Senator Gaylord Nelson of Wisconsin was disturbed that an issue as important as our environment was not addressed in politics, so he created the first Earth Day, on April 22, 1970. An estimated 20 million people nationwide attended festivities that day. I was a student at Temple University at the time and I can recall the excitement it created on campus.
Earth Day celebrations have spread nationwide to the extent that nearly every school and college and community have Earth Day events. Voyageurs Expeditionary School celebrated Earth Day by providing students with a variety of fun hands-on activities.
Whenever we want kids to focus on something very important we have to create some corresponding activities that make them think about it similar to what Voyageurs did on April 22. If we don’t focus on it, kids don’t think about it. It’s kind of like teaching kids to brush their teeth. You not only have to continually remind them, you have to make them think about what would happen if they didn’t brush their teeth. This is certainly true about Earth Day.
“Protecting the environment” was not part of the teaching vocabulary when I was in high school. Minnesota published a magazine, “Conservation Volunteer,” which I would read on occasion but there was not a whole lot about “climate change” and “recycling” and “water quality.” Climate change had to do with the next blizzard or tornado and not much else.
If we had a teacher who taught us about water pollution, we would have listened because we had two plants that dumped horse and chicken remains into the Cannon River, which flowed through my hometown and eventually into the Mississippi. Citizens joked about how good the bullheads tasted because of this refuse. You can imagine how the water looked at the spot where all of the horse and chicken guts flowed into the river and lakes.
Prior to the first Earth Day celebration in 1968, Stewart Brand founded a book called the "Whole Earth Catalog." No doubt, some of my readers remember that book. Kathy and I had a copy or two at one time. The last issue was published in 1998. It provided readers with countless resources all dedicated to protecting our planet. It was a big hit among the '60s crowd, which included “hippies.” It did provide a valuable resource for anyone interested in protecting planet Earth.
If it were not for our annual Earth Day focus, we would not be as earth-friendly as we are today. Everything we do that causes us to think about our fragile planet is worth doing. What if we did the same kind of thing with graduation? What if we made a special effort to focus on the need to graduate once a year like we do with Earth Day? What might this day look like?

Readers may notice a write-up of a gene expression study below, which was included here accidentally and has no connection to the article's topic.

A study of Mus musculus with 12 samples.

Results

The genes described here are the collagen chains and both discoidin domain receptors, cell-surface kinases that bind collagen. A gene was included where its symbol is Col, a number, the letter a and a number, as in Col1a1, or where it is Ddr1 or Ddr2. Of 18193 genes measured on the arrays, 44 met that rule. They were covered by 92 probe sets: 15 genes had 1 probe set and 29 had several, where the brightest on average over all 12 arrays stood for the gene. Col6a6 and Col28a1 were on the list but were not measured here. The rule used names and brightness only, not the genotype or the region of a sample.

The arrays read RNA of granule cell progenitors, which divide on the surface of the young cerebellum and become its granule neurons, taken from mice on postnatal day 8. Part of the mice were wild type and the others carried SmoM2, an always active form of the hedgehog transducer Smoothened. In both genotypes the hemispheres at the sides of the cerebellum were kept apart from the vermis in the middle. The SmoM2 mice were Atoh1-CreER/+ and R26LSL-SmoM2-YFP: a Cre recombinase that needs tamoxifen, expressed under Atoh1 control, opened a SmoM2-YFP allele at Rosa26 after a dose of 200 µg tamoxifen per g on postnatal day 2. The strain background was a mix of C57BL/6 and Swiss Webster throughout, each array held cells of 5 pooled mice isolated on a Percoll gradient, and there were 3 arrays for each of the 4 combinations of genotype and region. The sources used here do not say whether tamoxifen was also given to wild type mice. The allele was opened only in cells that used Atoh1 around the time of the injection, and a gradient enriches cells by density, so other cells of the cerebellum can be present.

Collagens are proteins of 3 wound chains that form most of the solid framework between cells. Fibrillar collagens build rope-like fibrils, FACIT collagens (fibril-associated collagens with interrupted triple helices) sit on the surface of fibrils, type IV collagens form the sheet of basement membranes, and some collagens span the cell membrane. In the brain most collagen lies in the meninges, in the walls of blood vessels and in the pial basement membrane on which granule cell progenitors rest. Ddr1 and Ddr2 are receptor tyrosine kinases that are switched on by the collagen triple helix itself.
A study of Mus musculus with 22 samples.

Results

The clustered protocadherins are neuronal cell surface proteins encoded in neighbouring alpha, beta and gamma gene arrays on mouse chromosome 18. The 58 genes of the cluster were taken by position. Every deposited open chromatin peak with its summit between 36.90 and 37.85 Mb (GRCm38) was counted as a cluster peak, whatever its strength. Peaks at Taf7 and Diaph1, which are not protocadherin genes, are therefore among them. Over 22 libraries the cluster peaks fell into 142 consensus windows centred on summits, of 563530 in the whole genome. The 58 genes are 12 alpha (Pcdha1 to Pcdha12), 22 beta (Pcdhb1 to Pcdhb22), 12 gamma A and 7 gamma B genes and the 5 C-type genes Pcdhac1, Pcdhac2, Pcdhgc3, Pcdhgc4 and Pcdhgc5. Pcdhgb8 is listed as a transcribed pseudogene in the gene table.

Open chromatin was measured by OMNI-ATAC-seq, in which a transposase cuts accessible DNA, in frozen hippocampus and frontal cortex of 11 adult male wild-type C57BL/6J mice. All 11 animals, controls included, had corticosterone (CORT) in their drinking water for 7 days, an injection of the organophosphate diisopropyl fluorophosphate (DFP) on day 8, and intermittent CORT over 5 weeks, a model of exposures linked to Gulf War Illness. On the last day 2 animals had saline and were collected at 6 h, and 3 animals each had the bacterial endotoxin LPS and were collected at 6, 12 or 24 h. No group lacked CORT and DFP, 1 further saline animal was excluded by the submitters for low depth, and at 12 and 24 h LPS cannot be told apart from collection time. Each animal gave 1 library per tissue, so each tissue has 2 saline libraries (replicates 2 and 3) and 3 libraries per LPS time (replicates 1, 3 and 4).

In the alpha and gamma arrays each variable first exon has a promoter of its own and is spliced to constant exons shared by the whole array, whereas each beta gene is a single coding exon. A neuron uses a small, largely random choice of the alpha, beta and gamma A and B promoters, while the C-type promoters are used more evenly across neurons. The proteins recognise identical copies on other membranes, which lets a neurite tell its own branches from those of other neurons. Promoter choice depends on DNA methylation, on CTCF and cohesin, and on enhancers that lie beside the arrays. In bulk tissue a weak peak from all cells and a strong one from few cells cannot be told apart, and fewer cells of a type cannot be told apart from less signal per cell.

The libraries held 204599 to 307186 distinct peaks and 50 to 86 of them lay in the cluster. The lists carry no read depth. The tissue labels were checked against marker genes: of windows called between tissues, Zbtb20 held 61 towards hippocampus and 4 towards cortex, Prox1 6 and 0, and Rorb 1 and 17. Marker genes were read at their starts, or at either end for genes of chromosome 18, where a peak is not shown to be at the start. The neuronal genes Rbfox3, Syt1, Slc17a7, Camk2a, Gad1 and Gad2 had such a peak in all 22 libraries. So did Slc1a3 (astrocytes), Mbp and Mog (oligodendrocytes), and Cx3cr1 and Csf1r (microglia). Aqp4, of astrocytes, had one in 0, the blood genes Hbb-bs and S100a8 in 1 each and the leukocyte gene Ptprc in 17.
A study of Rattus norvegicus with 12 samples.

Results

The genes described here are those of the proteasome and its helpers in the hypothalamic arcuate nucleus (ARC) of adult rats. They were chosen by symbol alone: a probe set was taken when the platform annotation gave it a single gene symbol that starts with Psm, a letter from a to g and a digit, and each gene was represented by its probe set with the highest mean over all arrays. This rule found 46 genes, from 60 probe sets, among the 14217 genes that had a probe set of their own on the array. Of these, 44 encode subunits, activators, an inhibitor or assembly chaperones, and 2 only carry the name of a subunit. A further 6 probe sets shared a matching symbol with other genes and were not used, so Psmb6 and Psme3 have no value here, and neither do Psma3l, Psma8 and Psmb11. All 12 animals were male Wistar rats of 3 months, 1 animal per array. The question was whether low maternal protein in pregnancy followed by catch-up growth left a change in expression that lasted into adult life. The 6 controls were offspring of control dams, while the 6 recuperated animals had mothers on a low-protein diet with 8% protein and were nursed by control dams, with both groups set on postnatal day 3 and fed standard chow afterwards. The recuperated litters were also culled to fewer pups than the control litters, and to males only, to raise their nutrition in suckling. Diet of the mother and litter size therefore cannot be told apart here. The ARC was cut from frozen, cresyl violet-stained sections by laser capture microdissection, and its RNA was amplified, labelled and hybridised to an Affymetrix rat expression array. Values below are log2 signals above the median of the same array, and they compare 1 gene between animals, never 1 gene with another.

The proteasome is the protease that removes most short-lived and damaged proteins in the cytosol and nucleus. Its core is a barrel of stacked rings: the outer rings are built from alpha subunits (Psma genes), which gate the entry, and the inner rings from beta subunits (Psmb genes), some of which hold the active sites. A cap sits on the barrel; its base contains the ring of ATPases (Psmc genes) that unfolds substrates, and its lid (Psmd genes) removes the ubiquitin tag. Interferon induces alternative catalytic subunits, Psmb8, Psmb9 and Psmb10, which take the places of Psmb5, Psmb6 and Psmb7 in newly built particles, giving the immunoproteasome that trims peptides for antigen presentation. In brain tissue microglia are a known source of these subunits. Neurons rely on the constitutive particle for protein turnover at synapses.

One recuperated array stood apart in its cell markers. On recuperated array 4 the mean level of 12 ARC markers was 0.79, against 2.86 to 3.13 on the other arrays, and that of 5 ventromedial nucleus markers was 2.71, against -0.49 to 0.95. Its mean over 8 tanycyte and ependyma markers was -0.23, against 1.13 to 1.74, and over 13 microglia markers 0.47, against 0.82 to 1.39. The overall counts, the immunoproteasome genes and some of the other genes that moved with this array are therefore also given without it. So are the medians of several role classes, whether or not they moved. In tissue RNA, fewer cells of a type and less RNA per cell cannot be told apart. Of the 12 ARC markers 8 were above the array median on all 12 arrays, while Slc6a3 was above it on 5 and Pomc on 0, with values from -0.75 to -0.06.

I always like to begin with the question, “Why?” We have a graduation rate in Minnesota in the 80% range. That’s not too bad. Can schools really do any better? Why get everyone working on graduation when we have fine schools doing the best they can? Maybe all kids don’t deserve to graduate. Someone has to do all the work that high school and college graduates don’t want to do. Why not leave well enough alone?
This is what would happen if everyone graduated from high school—100%. More people would feel better about themselves. One of the biggest factors mentioned after we have a mass shooting is, “We need better mental health.” The No. 1 reason why kids drop out of school is lack of confidence. People need a purpose in life and this is what a high school diploma helps them accomplish. It gets students thinking about their future.
Every child deserves to graduate because every young person is capable of graduating. What a tragedy it is when a student does not graduate. It’s almost an injustice. When will the day come when there is a class action lawsuit brought about by parents of students who do not graduate?
It is possible to graduate 100% of our young people. If we can all have a mindset to wear face masks and learn to do it within a matter of weeks, why can’t we instill a mindset to graduate in our youth? It’s equally as important.
Those are just a few reasons, I could give you a 100 more. What would a graduation day celebration look like?
Using the same model as Voyageurs School, you would have each teacher/citizen doing a different activity related to graduation. Here are some examples:
- Get a panel of recent high school graduates to talk to kids about the need to graduate.
- Perform a play where a student is debating to drop out of school and a friend or teacher talks him or her out of it.
- Take kids who may not graduate on a tour of a business to hear the need for a diploma expressed by the owner.
- Listen to a panel of people who dropped out of school but later returned to get their GED.
- Have a grandparent come and talk to kids about the value of education.
- Have a poster contest having to do with getting a high school diploma.
- Show the movie "Stand and Deliver."
- Have a debate among students who believe a diploma is important and those who do not.
- Have children design their own high school diploma putting the correct names on it and dates.
- Play "red light, green light" with young children having the end line representing a graduation line or high school diploma.
- Have the mayor sign a proclamation designating a certain day of the year as “Celebrate Graduation Day.”
When we focus on something, we get things done. We aren’t focusing on graduation as much as we need to. If we can get excited about Earth Day, we certainly should get excited about having a graduation day celebration for everyone.
Riddle: What is the center of gravity? (Answer: The letter “V.”) “V” is for victory and that’s what we can have when 100% of our students have a high school diploma.
Thanks to Tara Bemidji for being the latest to support the 100% graduation rate initiative. Our numbers continue to grow. Join us.
John R. Eggers of Bemidji is a former university professor and area principal. He also is a writer and public speaker.